Commentary

Ear to the glass: a 'slap happy' bond

A master passes on his secrets as Erik Johnson learns the shot-pass

Updated: October 23, 2009, 3:53 PM ET
By Lindsay Berra | ESPN The Magazine
Erik Johnson/Keith TkachukAP Photo/Jeff RobersonThe lessons learned by Erik Johnson (left) have greatly benefited Keith Tkachuk's goal totals.

Blues defenseman Erik Johnson had the luxury of living with Hall of Fame defenseman turned V.P. of Hockey Ops Al MacInnis as a rookie with St. Louis in 2007-08.

Yes, this involved playing more ball hockey than Johnson ever could have imagined with MacInnis' four kids, and driving them to the odd hockey practice when MacInnis was otherwise engaged. But it also meant a year of tutelage under one of the greatest defensemen to ever lace 'em up.

The most important lesson Johnson learned? "Shoot," says Johnson. "Whenever you can, shoot. Al says, I don't care if you hit someone because if you hit him, you're probably going to hurt him. And that's just as good as scoring, especially if it's their good players."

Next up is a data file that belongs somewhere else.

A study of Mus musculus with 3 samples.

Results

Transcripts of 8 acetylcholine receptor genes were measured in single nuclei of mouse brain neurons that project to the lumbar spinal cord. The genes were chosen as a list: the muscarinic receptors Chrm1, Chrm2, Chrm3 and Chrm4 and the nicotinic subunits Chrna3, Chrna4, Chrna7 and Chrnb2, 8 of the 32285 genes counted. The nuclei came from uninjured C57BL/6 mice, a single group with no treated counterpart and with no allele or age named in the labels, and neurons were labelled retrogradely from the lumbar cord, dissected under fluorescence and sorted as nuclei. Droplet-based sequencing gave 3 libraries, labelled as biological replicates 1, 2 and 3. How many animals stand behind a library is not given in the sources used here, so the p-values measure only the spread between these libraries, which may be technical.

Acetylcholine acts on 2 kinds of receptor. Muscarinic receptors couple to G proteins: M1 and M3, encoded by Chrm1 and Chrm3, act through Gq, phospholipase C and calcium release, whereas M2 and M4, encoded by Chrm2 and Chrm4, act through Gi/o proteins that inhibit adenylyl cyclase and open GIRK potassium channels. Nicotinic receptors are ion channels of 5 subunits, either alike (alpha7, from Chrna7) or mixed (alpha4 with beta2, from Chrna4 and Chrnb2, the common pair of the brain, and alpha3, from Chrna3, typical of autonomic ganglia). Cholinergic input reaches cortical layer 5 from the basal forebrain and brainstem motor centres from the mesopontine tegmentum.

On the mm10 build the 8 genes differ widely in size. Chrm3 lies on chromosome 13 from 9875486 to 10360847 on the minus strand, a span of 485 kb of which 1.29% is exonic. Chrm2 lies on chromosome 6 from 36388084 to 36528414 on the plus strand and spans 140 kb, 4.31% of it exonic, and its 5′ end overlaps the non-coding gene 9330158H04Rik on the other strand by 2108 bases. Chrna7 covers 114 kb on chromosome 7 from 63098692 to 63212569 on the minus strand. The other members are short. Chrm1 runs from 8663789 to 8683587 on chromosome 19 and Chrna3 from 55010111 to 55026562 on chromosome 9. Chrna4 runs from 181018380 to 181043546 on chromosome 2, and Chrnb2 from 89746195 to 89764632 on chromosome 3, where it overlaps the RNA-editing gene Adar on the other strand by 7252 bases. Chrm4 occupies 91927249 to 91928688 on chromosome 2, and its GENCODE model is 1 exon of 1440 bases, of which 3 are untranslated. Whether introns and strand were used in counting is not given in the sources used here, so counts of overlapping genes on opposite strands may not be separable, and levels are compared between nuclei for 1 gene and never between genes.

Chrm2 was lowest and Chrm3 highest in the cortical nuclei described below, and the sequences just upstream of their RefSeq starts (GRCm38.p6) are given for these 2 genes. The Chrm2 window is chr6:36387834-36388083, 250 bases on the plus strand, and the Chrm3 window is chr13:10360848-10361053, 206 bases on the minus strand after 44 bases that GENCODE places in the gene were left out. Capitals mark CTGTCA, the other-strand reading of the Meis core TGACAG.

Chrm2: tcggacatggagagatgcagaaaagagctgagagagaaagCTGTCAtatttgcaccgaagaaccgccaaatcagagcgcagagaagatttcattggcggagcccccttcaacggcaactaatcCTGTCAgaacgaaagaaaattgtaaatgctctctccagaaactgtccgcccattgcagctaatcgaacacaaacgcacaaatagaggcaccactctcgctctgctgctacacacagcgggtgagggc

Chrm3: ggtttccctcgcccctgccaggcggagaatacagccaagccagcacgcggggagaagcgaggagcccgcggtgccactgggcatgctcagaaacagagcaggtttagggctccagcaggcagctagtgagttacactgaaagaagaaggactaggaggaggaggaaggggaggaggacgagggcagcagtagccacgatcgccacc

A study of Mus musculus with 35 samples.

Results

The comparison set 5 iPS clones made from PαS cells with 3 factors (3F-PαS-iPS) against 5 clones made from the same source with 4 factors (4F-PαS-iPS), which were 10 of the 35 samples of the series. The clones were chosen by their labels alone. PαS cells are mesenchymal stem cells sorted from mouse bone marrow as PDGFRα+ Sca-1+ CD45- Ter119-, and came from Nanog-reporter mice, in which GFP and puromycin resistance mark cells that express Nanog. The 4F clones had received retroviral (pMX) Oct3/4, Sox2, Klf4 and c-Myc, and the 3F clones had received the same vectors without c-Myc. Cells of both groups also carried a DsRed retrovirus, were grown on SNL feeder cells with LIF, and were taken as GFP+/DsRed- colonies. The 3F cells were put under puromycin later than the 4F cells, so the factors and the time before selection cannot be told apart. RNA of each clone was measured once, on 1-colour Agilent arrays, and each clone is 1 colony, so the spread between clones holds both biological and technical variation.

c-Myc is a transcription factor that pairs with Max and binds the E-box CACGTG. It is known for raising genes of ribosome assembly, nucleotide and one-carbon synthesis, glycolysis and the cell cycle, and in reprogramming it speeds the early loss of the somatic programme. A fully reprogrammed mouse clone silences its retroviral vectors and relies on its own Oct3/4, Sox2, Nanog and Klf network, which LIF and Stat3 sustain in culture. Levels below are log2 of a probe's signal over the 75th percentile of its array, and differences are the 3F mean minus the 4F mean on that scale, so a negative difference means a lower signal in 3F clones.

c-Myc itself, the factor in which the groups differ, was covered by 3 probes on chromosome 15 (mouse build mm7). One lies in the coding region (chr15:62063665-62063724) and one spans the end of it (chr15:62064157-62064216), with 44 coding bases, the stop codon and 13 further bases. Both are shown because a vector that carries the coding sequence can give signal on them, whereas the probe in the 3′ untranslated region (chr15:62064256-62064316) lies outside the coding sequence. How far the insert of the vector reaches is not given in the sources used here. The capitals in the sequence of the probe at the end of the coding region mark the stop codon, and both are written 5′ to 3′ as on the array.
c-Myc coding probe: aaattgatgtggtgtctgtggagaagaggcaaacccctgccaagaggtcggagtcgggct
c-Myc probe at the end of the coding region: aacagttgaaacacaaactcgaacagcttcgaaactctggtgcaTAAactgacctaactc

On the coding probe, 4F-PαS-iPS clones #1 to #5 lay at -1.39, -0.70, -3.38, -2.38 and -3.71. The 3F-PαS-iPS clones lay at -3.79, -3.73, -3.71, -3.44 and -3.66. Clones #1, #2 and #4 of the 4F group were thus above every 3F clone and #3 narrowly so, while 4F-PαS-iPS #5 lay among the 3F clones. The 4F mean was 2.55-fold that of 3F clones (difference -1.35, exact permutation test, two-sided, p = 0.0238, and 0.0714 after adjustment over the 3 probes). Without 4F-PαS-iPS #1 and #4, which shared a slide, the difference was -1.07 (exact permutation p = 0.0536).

While MacInnis is legendary in the NHL for his slap shot -- winning the hardest shot competition seven times -- Johnson also was able to mine his landlord's knowledge for a lesser-known, but also devastating, skill from the point: the underutilized art of the shot-pass, which can catch defenses off-guard when launched by a defenseman with a powerful shot.


To see what else Johnson has picked up from MacInnis and why Keith Tkachuk believes Johnson is the Blues' best player, you must be an ESPN Insider.

Lindsay Berra is a senior writer for ESPN The Magazine.